I go to church to get real. Like so many others in our chaotic world, I need to find places where I can sink into myself and God and catch my breath. I know I should do Centering Prayer or some kind of breathing meditation, but as a fidgety Catholic with attention deficit disorder, those disciplines leave me sweaty and wanting to drive my car at 100 mph down the Autobahn. If I lived anywhere near the Autobahn, which I don’t.
I walk into church and wonder of wonders, it is quiet. No one is talking on their phones, no little chimes ring to announce a text, and there are no loud voices. Of course, the two older ladies who always sit at the edge of their pews on the right turn toward each other to catch up and talk. But softly.
As I sit and wait for Mass to begin, I think about some wisdom my mom passed on to me before she died. She tapped her leg saying, “I say, ‘Bless this leg, for it still works. Bless this arm, for I can still lift it.’”
She had a whole other way of looking at life and mobility as she edged toward the door that would take her out of this life. She taught me that being able to get off the couch is an accomplishment, that just standing up is a victory. I learned from her to say: Bless my right knee, for it still works, even though I limp. Bless these legs, for they still carry me through life. Bless my brain — even if slightly diminished from chemo — for I can still write.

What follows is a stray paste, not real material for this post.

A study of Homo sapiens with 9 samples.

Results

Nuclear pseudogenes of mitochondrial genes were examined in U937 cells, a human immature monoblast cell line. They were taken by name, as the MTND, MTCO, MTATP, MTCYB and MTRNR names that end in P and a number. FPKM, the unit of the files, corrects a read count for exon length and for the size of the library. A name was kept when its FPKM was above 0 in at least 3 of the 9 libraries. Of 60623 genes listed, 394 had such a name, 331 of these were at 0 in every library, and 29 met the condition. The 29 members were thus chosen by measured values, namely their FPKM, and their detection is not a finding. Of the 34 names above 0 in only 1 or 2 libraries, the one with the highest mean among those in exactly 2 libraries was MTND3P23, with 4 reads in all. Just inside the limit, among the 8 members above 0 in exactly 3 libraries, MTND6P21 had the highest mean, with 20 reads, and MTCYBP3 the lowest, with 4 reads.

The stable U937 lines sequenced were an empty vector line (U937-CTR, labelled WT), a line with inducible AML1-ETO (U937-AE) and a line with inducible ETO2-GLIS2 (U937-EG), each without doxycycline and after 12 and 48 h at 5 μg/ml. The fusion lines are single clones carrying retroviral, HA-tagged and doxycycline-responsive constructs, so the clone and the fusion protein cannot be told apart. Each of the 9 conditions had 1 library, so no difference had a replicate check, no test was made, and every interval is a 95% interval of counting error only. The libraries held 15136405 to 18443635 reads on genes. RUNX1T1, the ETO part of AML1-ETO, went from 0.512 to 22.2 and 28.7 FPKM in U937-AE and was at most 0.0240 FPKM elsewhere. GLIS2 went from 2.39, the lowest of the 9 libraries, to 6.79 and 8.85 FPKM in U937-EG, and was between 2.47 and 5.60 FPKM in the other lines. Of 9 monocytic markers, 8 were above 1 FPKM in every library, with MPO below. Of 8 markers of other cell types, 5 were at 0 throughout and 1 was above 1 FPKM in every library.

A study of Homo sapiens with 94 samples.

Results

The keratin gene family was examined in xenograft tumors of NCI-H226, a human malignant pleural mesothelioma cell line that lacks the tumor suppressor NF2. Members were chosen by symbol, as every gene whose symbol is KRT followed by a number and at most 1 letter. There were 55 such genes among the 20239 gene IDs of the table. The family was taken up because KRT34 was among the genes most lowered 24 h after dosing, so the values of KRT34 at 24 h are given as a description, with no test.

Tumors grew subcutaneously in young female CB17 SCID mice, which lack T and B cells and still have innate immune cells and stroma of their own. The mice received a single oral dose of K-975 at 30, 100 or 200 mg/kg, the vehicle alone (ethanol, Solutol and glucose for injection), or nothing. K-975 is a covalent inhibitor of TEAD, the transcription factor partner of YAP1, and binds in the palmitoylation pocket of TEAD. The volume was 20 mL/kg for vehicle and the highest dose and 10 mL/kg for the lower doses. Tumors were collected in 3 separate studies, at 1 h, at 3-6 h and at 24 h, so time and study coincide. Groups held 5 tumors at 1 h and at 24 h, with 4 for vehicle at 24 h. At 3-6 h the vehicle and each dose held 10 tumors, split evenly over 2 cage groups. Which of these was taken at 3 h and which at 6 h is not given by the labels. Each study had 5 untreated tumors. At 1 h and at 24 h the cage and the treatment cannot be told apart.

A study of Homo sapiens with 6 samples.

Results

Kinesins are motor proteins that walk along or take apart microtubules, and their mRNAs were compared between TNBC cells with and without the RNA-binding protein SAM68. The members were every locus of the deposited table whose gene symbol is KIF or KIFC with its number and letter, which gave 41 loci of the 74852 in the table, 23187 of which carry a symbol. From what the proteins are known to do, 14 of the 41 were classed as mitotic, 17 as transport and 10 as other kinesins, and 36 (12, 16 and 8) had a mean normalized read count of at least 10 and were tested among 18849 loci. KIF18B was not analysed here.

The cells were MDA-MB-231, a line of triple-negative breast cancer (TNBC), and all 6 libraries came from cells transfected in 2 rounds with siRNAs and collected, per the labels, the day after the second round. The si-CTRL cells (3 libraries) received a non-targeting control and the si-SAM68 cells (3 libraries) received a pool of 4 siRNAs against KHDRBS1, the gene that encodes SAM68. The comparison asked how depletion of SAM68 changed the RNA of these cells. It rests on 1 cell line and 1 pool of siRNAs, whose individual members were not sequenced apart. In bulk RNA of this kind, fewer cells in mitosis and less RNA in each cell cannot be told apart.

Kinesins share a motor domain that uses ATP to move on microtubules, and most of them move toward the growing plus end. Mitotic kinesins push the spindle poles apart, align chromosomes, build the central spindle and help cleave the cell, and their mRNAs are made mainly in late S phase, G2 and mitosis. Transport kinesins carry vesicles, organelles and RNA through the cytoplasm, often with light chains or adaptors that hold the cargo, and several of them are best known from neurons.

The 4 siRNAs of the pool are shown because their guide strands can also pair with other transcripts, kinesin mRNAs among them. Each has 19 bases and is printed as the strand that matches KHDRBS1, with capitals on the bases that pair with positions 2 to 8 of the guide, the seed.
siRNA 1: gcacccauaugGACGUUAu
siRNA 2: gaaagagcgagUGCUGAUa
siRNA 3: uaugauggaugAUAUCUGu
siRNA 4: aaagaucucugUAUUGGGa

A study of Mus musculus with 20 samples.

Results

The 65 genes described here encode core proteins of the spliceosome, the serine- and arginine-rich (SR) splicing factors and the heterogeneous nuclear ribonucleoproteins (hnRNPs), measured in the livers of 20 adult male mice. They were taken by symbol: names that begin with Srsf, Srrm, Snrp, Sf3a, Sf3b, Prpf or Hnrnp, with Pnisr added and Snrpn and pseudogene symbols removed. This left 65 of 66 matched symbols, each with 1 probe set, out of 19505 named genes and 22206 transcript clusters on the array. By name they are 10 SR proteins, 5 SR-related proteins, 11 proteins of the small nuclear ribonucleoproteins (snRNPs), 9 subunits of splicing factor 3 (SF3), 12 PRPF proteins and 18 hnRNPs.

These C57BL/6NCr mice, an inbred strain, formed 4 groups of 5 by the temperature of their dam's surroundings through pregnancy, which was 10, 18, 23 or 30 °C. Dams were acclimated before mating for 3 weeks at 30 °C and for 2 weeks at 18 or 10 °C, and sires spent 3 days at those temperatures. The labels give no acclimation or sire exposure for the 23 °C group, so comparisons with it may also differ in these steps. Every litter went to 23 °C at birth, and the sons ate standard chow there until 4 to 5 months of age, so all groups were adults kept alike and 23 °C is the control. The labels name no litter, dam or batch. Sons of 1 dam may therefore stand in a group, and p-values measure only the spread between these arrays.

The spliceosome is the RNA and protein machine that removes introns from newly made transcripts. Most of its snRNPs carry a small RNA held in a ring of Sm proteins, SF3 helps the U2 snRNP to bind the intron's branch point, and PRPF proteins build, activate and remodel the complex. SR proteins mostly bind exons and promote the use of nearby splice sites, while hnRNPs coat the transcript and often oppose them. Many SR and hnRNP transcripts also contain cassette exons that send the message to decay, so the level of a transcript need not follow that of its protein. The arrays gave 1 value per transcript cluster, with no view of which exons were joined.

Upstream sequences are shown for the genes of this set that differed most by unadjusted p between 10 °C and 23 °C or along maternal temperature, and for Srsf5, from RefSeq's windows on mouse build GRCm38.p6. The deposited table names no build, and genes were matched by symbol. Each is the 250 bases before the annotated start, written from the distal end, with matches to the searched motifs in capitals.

Settling back in the pew, I listen to my body. I stop dividing it up into “good” parts — meaning, they live up to my expectations — and “bad” parts — meaning they have let me down in some way. If I stop criticizing my body (which, as women, we learn early on), I sail into a place of peace, calm, and acceptance.
Mass begins with its familiar prayers — Confession, Lord Have Mercy — anchoring me in place. My breath slows. I look up at the crucified Jesus on the large cross above and take that image into my heart.
For someone who is immensely distractible, this church keeps me focused. The stained glass windows, which I can look at when my mind wanders. The altar boy who always lifts his hands in prayer with such seriousness. The beautiful melody when the priest sings, “Through Him and With Him, and In Him.” Everything brings me back to God as I sit in the pew.
The entire Mass grounds me and keeps me real, like the person I think God sees. He sees the Annie he created — faults, follies, and all. I may not often recognize this inner person — the sacred, incarnational me — but by praying, singing hymns, and being present in the Mass, I catch glimpses of her. I’m held in God’s hands, and when I leave Mass, I swear I walk with a firmer step, without a limp.